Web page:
The music will play on at the Evening Muse. Hallelujah.

The music will play on at the Evening Muse. Hallelujah.

Photo: Michael Graff/Axios


“Really?” I said.

“There’s places way more important than us,” he said.

The humble man and his humble venue are a bigger deal than they realize. The Evening Muse holds only 120 people in non-pandemic times, and at 25% capacity for its first show in mid-May, it’s only set to back at about 30 — tables of four, scattered and distanced, but together again.

And that means something.


And for people like me who haven’t been well without music, it means we might make it, too.

It means that while we might not eat a chopped sandwich from Bill Spoon’s again, or have a date night at Carpe Diem again, or take our children to Mr. K’s again, we’ll be able to wake up one morning in the future with our ears still ringing and our hand still stamped.

The first shows are headlined by Jason Eady, a Texas-based musician with an acoustic guitar. I’d never heard of him before Friday, but I bought a table and can’t wait to meet him.

“It’s like in the movie when the boxer’s on the mat,” I told Kuhlmann, “and then he throws his hand up and says, ‘Don’t count me out yet.’”

“Everybody loves an underdog story,” Kuhlmann said.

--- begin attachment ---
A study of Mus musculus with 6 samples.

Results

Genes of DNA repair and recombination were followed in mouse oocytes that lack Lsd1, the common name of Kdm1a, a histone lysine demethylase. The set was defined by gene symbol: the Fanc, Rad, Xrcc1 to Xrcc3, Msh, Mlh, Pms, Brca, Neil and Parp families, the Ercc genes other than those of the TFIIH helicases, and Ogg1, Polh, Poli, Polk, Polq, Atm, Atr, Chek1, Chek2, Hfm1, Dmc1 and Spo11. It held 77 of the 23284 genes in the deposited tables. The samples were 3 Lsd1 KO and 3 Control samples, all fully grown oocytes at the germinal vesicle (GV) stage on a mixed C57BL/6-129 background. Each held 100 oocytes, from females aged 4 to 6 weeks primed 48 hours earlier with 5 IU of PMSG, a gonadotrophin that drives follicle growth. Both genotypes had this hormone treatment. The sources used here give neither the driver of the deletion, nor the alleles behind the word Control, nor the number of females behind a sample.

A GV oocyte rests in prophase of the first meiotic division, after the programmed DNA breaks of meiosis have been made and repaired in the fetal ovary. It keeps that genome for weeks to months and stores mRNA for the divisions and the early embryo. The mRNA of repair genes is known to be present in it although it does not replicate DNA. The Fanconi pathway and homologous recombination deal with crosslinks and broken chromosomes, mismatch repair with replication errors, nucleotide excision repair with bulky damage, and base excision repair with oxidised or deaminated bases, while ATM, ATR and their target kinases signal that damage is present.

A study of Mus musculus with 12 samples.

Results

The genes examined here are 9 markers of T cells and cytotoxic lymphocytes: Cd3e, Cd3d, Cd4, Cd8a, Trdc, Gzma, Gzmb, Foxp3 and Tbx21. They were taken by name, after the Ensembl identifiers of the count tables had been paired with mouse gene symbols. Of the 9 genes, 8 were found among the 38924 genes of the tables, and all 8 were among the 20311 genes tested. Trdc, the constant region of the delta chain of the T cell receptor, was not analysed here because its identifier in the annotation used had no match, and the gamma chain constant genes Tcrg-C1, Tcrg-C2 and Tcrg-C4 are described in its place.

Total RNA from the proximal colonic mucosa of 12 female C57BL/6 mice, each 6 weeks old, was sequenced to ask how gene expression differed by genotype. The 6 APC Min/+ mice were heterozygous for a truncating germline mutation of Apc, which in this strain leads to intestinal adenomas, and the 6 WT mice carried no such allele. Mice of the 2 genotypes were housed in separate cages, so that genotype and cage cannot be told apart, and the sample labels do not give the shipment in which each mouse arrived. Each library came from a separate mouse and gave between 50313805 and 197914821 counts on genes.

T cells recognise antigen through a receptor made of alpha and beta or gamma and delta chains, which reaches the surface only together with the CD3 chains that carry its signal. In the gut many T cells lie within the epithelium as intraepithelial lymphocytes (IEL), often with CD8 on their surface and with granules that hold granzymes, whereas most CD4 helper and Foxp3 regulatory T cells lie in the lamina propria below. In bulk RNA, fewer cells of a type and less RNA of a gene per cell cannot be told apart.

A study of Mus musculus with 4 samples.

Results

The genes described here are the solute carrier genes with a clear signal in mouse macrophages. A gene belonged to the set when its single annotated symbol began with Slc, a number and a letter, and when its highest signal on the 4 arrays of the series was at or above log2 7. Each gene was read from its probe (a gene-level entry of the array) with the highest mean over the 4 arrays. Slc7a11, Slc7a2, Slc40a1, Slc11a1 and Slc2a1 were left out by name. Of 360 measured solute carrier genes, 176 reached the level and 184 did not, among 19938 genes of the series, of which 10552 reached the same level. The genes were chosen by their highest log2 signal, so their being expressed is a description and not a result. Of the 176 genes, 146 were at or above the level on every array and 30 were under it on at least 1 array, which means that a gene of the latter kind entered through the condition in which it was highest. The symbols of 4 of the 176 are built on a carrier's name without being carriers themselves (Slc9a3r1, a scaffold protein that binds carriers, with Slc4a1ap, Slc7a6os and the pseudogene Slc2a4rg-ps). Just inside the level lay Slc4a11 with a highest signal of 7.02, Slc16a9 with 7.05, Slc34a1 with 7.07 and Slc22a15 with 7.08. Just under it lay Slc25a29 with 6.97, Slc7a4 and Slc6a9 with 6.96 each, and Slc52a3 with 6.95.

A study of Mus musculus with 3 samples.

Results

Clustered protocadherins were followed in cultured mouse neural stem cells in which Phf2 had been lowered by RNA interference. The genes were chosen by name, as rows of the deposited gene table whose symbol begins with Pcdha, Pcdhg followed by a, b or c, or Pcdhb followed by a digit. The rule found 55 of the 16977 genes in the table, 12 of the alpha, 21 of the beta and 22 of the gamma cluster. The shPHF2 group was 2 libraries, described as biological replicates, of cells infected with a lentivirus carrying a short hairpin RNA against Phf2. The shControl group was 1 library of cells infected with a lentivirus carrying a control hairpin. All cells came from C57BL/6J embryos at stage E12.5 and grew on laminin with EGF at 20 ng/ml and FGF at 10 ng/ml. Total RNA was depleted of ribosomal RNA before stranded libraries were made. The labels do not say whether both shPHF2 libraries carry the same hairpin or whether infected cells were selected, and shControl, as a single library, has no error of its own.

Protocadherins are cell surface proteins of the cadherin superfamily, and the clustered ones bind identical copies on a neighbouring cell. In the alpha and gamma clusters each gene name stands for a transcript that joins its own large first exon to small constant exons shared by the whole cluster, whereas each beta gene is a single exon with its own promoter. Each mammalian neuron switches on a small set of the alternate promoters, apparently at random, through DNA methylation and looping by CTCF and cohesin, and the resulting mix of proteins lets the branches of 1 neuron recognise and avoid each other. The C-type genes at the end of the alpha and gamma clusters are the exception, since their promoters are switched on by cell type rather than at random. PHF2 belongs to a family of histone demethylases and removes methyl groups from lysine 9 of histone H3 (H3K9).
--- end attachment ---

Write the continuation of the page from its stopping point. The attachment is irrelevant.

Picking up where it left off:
The Muse was the underdog of underdogs against COVID-19 shutdowns. It survived 2020 — and its owner survived 2020 — with “PPP loans, kindness, and looking out for one another.”

And CARES Act money, which came via our often-maligned city council and city staff. They designated some of the aid to these stages. Kuhlmann said it’ll pay for nine months’ rent. He’s still holding out hope that the stimulus bill signed in late December will lead to a little more relief.

Most other venues remain closed, saying the restrictions on capacity make it not financially worth opening. The larger the venue, the bigger the act, the more the cost of putting on a show.

Gregg McCraw, who runs the Neighborhood Theater a stone’s throw from the Muse, told the Observer Friday that he’s focusing on putting on drive-in shows at Rural Hill in Huntersville.

“I think we’re outdoors until September,” McCraw told the paper.

So everybody will be watching the Evening Muse, to see how it goes, and Kuhlmann will continue to be surprised by how many people care. But he knows what this place means.

“I think we’ve all put up with enough upheaval and chaos,” he said. “Everybody’s anxieties are up through the roof. Let’s have some peace and understanding and learn to breathe again.”

“Lots of things get torn down, lots of things get trendy,” he went on. “There is just a need for some things to return. That is structure. That is identity. That is the future.”